By Geoff Lepper

    I’ve been reading up this afternoon on shoulder dislocations after the initial report that Brandan Wright had suffered Friday another injury to his left shoulder — the same one he originally dislocated on Jan. 7.

    Wright came back after an absence of more than two months in the wake of the original injury and, importantly, he did not undergo surgery, although it was discussed as a possibility and dismissed.

    We’re going to veer into the ream of pure speculation in just a moment. It’s possible that Wright’s scheduled MRI on Monday will reveal nothing other than a bruise. It’s possible that he’ll be back in a matter of days.

    But — and here’s where the speculation comes in — given Wright’s history with the shoulder and a second injury to the same joint in the space of 10 months, it’s worth discussing the possibility that surgery could be required this time around.

    Quoting from the Web site for the Nashville Knee & Shoulder Center, a practice run by a physician who spent 10 years as team doctor for the NHL’s Predators (all of the emphases added are mine):

    Despite sling immobilization, most young patients who experience a dislocation that is associated with trauma will continue to have problems with the shoulder. Several studies have shown that patients under the age of twenty who suffer an initial dislocation have an approximately 90% chance of suffering another dislocation. In patients over forty years of age, the risk of another episode of dislocation is much lower.

    The indications for surgical treatment of recurrent anterior shoulder instability are highly subjective. They include a desire of the patient to avoid recurrent problems with instability, (including the necessity of reporting to the emergency room on a frequent basis to have the shoulder reduced), problems with recurrent pain, or an inability to perform certain activities because of a fear of further shoulder instability. Failure of a thorough trial of nonoperative treatment can also be considered an indication for surgical treatment.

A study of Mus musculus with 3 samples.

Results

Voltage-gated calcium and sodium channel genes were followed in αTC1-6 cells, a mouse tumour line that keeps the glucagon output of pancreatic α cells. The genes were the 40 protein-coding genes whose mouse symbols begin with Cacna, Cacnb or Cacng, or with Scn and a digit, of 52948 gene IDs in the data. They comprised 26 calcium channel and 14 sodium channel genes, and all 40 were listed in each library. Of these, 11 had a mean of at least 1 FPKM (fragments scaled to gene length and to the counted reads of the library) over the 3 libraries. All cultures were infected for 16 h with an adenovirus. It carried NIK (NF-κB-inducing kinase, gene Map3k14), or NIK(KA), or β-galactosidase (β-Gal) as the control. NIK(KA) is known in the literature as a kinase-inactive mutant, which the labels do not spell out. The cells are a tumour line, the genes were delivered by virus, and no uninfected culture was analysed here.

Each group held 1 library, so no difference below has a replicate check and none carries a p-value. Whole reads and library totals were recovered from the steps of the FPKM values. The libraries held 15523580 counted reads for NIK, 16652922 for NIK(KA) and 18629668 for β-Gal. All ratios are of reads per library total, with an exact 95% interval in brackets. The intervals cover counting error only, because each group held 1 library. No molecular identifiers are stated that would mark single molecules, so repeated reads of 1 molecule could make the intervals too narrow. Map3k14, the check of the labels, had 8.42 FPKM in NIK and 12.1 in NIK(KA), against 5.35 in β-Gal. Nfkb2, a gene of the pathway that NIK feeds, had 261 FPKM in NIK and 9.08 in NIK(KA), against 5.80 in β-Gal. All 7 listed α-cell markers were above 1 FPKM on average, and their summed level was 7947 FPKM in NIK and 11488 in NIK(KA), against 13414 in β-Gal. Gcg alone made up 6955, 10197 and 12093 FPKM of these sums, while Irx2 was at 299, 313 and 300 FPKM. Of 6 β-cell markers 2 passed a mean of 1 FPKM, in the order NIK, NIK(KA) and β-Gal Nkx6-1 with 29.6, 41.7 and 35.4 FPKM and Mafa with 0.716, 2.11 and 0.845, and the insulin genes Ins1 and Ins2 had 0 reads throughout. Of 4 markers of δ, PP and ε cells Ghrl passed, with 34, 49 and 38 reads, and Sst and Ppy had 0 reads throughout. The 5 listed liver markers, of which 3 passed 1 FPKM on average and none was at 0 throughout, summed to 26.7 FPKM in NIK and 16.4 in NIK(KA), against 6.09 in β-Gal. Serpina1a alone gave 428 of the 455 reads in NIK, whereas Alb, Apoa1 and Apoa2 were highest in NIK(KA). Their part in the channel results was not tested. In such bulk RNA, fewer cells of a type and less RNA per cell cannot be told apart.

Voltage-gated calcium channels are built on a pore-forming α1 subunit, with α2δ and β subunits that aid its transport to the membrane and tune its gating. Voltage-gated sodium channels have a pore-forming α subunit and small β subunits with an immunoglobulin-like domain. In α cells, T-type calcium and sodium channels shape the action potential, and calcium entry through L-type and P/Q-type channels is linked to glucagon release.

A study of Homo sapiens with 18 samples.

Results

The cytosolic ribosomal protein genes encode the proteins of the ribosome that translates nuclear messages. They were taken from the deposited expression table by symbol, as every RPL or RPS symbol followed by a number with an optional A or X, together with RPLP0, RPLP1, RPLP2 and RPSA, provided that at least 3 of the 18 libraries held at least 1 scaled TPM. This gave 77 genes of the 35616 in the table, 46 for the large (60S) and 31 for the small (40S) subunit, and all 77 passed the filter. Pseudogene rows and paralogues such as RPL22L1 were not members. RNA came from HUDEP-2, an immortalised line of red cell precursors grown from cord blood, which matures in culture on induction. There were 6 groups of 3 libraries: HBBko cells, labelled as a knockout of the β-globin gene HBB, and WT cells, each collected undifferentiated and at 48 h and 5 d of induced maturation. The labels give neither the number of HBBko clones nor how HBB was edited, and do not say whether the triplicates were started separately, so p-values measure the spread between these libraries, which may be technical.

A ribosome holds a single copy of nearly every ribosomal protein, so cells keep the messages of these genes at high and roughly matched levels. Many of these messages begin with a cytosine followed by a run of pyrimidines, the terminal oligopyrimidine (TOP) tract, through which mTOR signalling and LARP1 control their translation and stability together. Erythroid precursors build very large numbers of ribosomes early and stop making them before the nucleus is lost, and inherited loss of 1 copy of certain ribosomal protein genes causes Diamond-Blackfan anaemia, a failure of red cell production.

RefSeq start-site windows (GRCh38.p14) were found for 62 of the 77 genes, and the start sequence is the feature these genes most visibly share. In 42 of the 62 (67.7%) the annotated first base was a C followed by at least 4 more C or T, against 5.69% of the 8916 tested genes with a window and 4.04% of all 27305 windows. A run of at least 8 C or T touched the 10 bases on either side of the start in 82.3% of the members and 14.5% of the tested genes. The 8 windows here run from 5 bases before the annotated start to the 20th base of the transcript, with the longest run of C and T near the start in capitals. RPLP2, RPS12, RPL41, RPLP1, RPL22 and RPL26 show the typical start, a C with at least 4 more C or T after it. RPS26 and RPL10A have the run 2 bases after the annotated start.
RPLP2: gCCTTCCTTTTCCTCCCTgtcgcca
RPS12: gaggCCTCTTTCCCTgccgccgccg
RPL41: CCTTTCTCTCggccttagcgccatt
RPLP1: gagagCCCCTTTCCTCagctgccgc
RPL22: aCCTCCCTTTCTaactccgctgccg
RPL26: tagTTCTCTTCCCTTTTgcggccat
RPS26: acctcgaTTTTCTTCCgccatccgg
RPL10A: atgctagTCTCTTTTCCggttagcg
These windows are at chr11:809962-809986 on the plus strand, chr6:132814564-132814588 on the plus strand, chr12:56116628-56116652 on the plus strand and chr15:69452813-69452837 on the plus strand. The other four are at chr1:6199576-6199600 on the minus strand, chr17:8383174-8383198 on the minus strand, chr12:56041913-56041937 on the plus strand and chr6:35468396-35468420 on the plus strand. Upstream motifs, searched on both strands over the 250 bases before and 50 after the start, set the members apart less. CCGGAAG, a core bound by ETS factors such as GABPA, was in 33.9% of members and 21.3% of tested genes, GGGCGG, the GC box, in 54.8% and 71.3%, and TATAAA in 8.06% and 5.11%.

FYI for the first quote: Wright was 21 years and 3 months when he originally suffered the injury, which certainly was associated with trauma (his arm got pulled back when he was battling with the Lakers’ Pau Gasol).

    Typical rehabilitation time for arthroscopic surgery to correct a shoulder dislocation, according to the University of Washington’s Sports Medicine department, is four months, which if true in Wright’s case, could keep him out until the All-Star break.

    Again, I’m no doctor, and we don’t have any official information — certainly not the results of an MRI — but if this is indeed another dislocation, then it could cost Wright a serious chunk of the 2009-10 season.

8 Responses to “Brandan Wright’s second shoulder injury in 10 months: Could surgery be necessary?”

  1. thankyou for your in depth version on the story.

  2. Nellie had Mikki Moore TAKE. HIM. OUT.

    Too close to shaming the old man for good.

  3. I wonder what Brandan’s injuries will be next season.

  4. Pretty obvious BW will have to have the surgery to continue his career. Webber had surgery for the same thing (after one dislocation), and it cost him an entire season. The good news is the surgery fixed Webber’s problem for good.

    Will the Ws still pick up BW’s contract. I’m guessing no. He’s gone from trade bait as a prospect to trade bait as an expiring contract overnight.

    My series on the Western Conference has now begun: http://feltbot.com/

  5. I’m disappointed, really.

    Wright was a kid,so young, who is finally growing physically. His development was a 2009-10 season point of interest for the fan base.

    More time for Maggette and I fear, paired with George.

  6. This is really too bad. What I don’t know, and haven’t read in any of the postings on this topic, is how much weight and strength training he did over the summer and in fact even durning his rehab during last season. I wish I knew the answer. I know, even at my relatively advanced age, how important weight training is to allow me to compete in the sport I play–racquetball. And I am 64. But the weight training so allows me to still be competitive.

    I am wondering if BW spent much time trying to get stronger, not just normal rehab exercises. Do NBA players spend much time with weights? Is that expected and part of being in the NBA?

    Regardless, I would always pick up his option under any circumstances. We don’t have a legit PF other than Wright (and and aging Mikki Moore) so we have to keep him. But let’s hope the MRI is negative and his sholder is simply bruised.

  7. Commish: Marcus Thompson II has reported that Wright gained 15-18 pounds during the summer, and I know he was working on strengthening the muscles around his shoulder, since that’s the non-surgical option for fixing a dislocation.

    Obviously, it seems as though that didn’t work.